Thursday, October 21, 2010
[Spoilers for Mad Men through episode 4.13, "Tomorrowland."]
The "Draper" marriage has been Mad Men's primary indicator of America's stability and happiness. By the 1960s, it was all happy memories built on unacknowledged lies, you know, like equality and opportunity. In 1963, it got assassinated live on television. And now, two years later, the coffin is sealed shut and lying in a burial plot, the Drapers and their country seeking better alternatives to the way things have been, though their respective solutions (Henry Francis and Megan TheSecretary) are far from perfect. They stand there in the kitchen one last time before selling the site of their memories. "Things aren't perfect," Betty says. "It's okay, Betty," replies Don.
November 1960: Don has a lovely fantasy that he arrives home just in time to accompany his disappointed wife and doting kids to her father's for Thanksgiving. But it's a fantasy of a happy home, because when he actually walks in the door, they've already left, and he sits on the stairs, alone with his secrets.
October 1962: Betty tentatively brings Don back into her life after a spell apart on account of Don's magnetic penis. After sitting together awkwardly on the couch while the kids watch their show, Betty invites Don to a Serious Conversation wherein she reveals she's pregnant. His silence is reaction enough. This baby will not save this marriage. It's only a matter of time.
December 1963: Don calls Betty on the first official day of business for Sterling Cooper Draper Pryce to tell her where he'll be working and that he won't make trouble for her in the divorce proceedings. She melts, her steely pissed-offedness at her husband's tremendous neglect and abuse (a few nights prior, he physically dragged her out of bed, shook her, and called the chaste-to-a-fault mother of his children a whore) evaporating in an instant. It's enough that she can summon a word of thanks and a consolation: "You'll always be their father." They hang up, but both seem relieved. Their long nuptial nightmare is over.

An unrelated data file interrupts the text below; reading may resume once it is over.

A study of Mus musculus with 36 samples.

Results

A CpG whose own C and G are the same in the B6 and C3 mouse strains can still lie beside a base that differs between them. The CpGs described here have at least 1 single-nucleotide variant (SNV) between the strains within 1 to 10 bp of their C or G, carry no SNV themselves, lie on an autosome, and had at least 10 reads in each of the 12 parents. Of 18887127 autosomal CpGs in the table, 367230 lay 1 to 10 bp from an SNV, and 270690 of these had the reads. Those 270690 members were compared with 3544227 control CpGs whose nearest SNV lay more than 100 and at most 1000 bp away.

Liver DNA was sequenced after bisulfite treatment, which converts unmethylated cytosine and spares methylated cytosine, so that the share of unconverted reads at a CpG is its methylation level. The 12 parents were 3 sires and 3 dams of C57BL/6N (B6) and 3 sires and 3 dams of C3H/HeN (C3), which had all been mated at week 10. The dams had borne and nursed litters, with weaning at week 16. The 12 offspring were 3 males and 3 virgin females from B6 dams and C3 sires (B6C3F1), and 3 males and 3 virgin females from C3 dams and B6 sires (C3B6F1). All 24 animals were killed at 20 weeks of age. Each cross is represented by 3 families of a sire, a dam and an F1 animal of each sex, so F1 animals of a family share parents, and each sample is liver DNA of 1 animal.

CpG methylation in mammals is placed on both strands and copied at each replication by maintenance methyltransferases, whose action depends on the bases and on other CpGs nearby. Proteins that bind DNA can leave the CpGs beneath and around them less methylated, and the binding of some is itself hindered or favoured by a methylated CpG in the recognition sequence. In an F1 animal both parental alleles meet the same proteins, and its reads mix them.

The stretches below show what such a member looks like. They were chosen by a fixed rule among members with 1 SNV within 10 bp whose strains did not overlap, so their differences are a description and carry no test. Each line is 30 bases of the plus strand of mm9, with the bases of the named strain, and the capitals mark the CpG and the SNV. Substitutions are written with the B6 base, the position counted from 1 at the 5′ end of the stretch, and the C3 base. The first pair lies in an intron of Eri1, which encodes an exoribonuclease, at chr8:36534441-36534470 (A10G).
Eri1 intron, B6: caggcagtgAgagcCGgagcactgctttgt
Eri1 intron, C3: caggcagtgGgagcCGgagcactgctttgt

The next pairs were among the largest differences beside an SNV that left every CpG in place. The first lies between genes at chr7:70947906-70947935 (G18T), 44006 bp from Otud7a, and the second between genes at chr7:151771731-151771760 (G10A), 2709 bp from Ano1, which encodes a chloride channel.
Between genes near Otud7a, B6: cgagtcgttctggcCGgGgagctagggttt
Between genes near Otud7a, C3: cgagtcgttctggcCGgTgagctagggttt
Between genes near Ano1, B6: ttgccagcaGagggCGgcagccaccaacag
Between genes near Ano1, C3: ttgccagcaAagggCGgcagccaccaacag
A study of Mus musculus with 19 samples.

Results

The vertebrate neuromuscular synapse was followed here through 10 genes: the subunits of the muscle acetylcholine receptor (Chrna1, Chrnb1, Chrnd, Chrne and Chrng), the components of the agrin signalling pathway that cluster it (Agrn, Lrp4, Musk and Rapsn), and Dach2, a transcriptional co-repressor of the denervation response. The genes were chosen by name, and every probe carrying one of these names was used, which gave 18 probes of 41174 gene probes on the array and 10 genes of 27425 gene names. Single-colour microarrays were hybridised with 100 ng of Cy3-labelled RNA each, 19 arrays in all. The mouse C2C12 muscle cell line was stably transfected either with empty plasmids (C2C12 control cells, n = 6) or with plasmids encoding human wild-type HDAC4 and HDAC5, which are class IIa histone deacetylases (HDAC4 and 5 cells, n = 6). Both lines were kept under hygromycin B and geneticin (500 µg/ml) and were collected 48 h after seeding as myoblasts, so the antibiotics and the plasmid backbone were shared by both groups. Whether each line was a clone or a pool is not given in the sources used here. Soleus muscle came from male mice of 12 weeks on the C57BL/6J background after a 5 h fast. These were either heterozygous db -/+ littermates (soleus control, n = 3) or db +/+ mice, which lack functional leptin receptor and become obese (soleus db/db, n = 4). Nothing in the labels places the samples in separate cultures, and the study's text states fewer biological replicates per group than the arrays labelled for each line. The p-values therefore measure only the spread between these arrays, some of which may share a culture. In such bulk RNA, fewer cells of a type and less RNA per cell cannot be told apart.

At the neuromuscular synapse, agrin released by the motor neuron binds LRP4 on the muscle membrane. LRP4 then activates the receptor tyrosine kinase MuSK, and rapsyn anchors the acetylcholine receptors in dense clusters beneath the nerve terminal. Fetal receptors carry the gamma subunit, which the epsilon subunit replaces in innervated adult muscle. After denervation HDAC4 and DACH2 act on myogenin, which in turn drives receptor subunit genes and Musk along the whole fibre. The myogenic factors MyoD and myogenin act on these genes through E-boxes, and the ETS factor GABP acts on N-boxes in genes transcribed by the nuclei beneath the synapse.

September 1965: Betty's finally moving out of the Ossining home she shared with Don. She's also finally realizing her marriage to Henry Francis was a lateral move, and it did nothing to heal her wounds. So she adjusts her makeup for her "accidental" run-in with her ex-husband, and the two share a cup of wine, even smiling at each other, conversing like old friends. Until Don drops the ring bomb. Betty, mastress of keeping it all hidden beneath a practiced smile, can't even look him in the eyes as she engages in the required pleasantries. She knows she has to say the words, but she can't perform like she usually does, and Don lets her off the hook, abandoning all pretense and acknowledging what they'd otherwise keep unsaid. "It's okay, Betty." It's enough to let her recover. She hands him her house key, and they walk out opposite doors, leaving an empty house with only his wine bottle and her cup.
Since Don telecommutes for Season 3, every season's final Don-Betty scene (in a way, the final scenes period, though Season 3 tops it off with a montage and Season 4 a quick glimpse at Don and Megan's new life) takes place in that Ossining kitchen, a place of ostensible nourishment that has seen as much fighting as eating. But Don getting married and selling the house finally puts that marriage, that is, the old regime, to bed. The late '60s are just around the corner.